Surveys of economic deprivation
Recent SWS reports on the Filipino people’s economic well-being have been: (a) “Self-Rated Poverty rises by 12 points to 5-year-high 54%,” (b) “Quarterly Hunger decreases to 8.8%,” (c) “Net Gainers up 7 points to ‘Very High’ +18,” and (d) “Adult joblessness eases to 17.5%” (www.sws.org.ph, 1/23/20, 1/24/20, 1/29/20, and 2/4/20). Although these reports focus on the surveys of September and December, they include tables and charts of the full series of quarterly data from the very start, for long-term perspective. The SWS rates the economy by its impact on the deprived. Under this focus, the economy has been getting kinder to the people. Despite the 12-point spike in Self-Rated Poverty (SRP) from 42 percent in September to 54 percent in December, its 2019 average was 45 percent of families, 3 points better than the 2018 average of 48 percent.
In December, the national median self-rated threshold for monthly home expenses (not income) of the self-rated poor was P12,000. It is what half (not all) of the poor, i.e. the poorer 27 percent at that time, need for home expenses so as not to feel poor. The median self-rated monthly poverty gap, at P5,000, is what half of the poor lack to reach their threshold. Thresholds and gaps change over time. The SWS surveys show the dynamism of poverty. In December, 40 percent of families had always been poor, and 14 percent were usually/newly poor. On the other hand, 21 percent were always nonpoor, and 25 percent were usually/newly nonpoor.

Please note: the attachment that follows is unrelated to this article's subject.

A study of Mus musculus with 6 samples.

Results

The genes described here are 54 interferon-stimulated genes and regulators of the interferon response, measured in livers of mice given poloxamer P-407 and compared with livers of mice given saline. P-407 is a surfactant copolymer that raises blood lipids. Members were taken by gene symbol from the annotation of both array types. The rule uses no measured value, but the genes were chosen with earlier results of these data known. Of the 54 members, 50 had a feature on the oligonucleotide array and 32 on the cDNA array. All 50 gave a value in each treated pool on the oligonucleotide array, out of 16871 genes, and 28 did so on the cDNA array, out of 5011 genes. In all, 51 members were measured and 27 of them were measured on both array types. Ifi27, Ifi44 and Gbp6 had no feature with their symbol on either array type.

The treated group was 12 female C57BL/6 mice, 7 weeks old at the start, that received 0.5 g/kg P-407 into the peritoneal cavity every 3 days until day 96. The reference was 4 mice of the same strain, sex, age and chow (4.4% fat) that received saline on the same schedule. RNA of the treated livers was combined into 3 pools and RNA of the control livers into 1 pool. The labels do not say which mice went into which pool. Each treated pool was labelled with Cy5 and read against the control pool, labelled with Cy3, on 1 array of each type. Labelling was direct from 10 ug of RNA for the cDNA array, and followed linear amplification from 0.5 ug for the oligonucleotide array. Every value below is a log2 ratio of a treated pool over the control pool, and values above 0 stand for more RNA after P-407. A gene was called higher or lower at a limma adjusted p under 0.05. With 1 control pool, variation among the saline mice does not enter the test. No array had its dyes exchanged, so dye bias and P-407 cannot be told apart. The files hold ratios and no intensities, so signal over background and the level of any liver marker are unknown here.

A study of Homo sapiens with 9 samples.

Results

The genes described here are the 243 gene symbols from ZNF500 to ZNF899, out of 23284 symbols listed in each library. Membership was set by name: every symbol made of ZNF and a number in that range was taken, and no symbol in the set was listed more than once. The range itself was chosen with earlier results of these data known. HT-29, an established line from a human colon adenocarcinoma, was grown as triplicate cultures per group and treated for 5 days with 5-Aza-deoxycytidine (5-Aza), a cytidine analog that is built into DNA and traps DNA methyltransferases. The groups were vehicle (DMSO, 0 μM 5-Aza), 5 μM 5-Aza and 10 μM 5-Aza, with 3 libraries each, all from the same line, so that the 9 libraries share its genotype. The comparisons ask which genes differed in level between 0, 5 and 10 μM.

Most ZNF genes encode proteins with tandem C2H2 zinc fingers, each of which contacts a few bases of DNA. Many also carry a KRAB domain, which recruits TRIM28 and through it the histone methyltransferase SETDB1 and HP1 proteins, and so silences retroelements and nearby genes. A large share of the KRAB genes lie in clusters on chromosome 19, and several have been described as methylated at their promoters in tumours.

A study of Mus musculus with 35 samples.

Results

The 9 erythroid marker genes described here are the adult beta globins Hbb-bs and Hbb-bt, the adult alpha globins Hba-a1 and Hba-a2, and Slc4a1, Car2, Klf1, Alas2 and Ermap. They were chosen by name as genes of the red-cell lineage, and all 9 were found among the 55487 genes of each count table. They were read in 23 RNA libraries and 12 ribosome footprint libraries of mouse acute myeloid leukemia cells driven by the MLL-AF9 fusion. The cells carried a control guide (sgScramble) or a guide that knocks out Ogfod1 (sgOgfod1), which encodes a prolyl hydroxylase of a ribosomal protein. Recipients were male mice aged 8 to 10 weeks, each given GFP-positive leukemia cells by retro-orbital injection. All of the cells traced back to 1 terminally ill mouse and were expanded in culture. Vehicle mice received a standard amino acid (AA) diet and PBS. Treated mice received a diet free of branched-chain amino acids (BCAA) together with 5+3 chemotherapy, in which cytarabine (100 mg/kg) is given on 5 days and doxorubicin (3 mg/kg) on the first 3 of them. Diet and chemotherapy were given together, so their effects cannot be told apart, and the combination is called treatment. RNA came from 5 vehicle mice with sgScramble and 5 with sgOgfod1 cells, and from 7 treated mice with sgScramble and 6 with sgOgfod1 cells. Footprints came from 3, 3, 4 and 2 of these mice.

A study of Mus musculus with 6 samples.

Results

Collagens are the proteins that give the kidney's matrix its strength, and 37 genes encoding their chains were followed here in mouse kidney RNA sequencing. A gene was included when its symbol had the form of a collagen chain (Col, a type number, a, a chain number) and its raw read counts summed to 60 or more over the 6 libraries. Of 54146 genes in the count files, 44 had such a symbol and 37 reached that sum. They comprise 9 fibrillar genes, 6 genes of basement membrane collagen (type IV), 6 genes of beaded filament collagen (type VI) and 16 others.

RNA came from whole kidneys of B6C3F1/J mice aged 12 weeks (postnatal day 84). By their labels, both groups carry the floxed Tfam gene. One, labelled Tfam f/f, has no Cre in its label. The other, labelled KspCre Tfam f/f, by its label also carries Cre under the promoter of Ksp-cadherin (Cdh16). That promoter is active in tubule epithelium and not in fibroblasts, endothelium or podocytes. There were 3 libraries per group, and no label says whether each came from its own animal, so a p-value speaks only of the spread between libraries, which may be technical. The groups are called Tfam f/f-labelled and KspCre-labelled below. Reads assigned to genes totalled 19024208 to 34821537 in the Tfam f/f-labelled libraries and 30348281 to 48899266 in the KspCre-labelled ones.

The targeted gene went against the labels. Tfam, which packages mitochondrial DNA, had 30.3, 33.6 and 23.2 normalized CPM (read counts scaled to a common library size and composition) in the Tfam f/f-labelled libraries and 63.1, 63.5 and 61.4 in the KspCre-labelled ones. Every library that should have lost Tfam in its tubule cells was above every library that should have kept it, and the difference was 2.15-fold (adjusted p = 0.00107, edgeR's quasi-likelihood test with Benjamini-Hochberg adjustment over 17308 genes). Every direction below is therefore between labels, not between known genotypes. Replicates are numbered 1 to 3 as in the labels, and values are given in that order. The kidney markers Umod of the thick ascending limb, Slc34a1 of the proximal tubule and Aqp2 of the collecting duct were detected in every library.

Whether SRP will subside soon will depend, I think, on inflation in the cost of living, and not on GNP growth. It is vital to track poverty more frequently than only once every three years, as the government does now.
The hunger rate fell slightly (from 9.1 to 8.8 percent of families) from the third to the fourth quarter, notwithstanding the spike in poverty. Hunger among poor families fell from 14.0 to 12.8 percent; among nonpoor ones, it fell from 5.6 to 4.1 percent. This means that poverty was broader in December, but not as intense as in September.
Surveys of poverty together with hunger show: (1) that both poor and nonpoor families get hungry, though the poor always fare worse; and (2) that hunger rates move with time. Back in 2017Q4, for instance, the hungry reached 25.0 percent of the poor, and 8.9 percent of the nonpoor.
For me, the best survey news is the fact that, ever since 2013Q3, there have been, almost always, more gainers than losers in Quality of Life (QOL) over the past 12 months; the exception was 2017Q3, when Net Gainers was -2.
Opportunities for improving QOL differ by area. In 2019Q4, the national Net Gainers score of +18 consisted of +22 in Metro Manila, +18 in the Balance of Luzon, +16 in Mindanao, and only +14 in Visayas. It was +30 among the nonpoor, but only +8 among the poor.
Sadly, the chances of being a gainer are strongly biased for the educated. In 2019Q4, Net Gainers was +28 for college graduates, +26 for high school graduates, and only +12 for both elementary graduates and dropouts. Among elementary dropouts, gainers began exceeding losers only in 2016; among college graduates, it has been the case since 2010.
Joblessness of adults, at 17.5 percent in 2019Q4, was the lowest in the past two years, yet above the 15.7 percent in 2017Q4. It was lower in urban (15 percent) than rural areas (20 percent), for a change. As usual, it was much higher for women (31 percent) than men (8 percent), and highest among the youth aged 18-24 (32 percent).
Learning how these indicators relate to each other, and to other factors, calls for econometric modeling. Building the models requires time-series data.
The 2020 SWS Survey Review-Diliman Edition will be presented on Wednesday, Feb. 12, 2-5 p.m., at the SWS Knowledge Center, 52 Malingap St., Quezon City. No charge; to attend, contact Malou Tabor at [email protected] or (02) 8924-4465 local 501.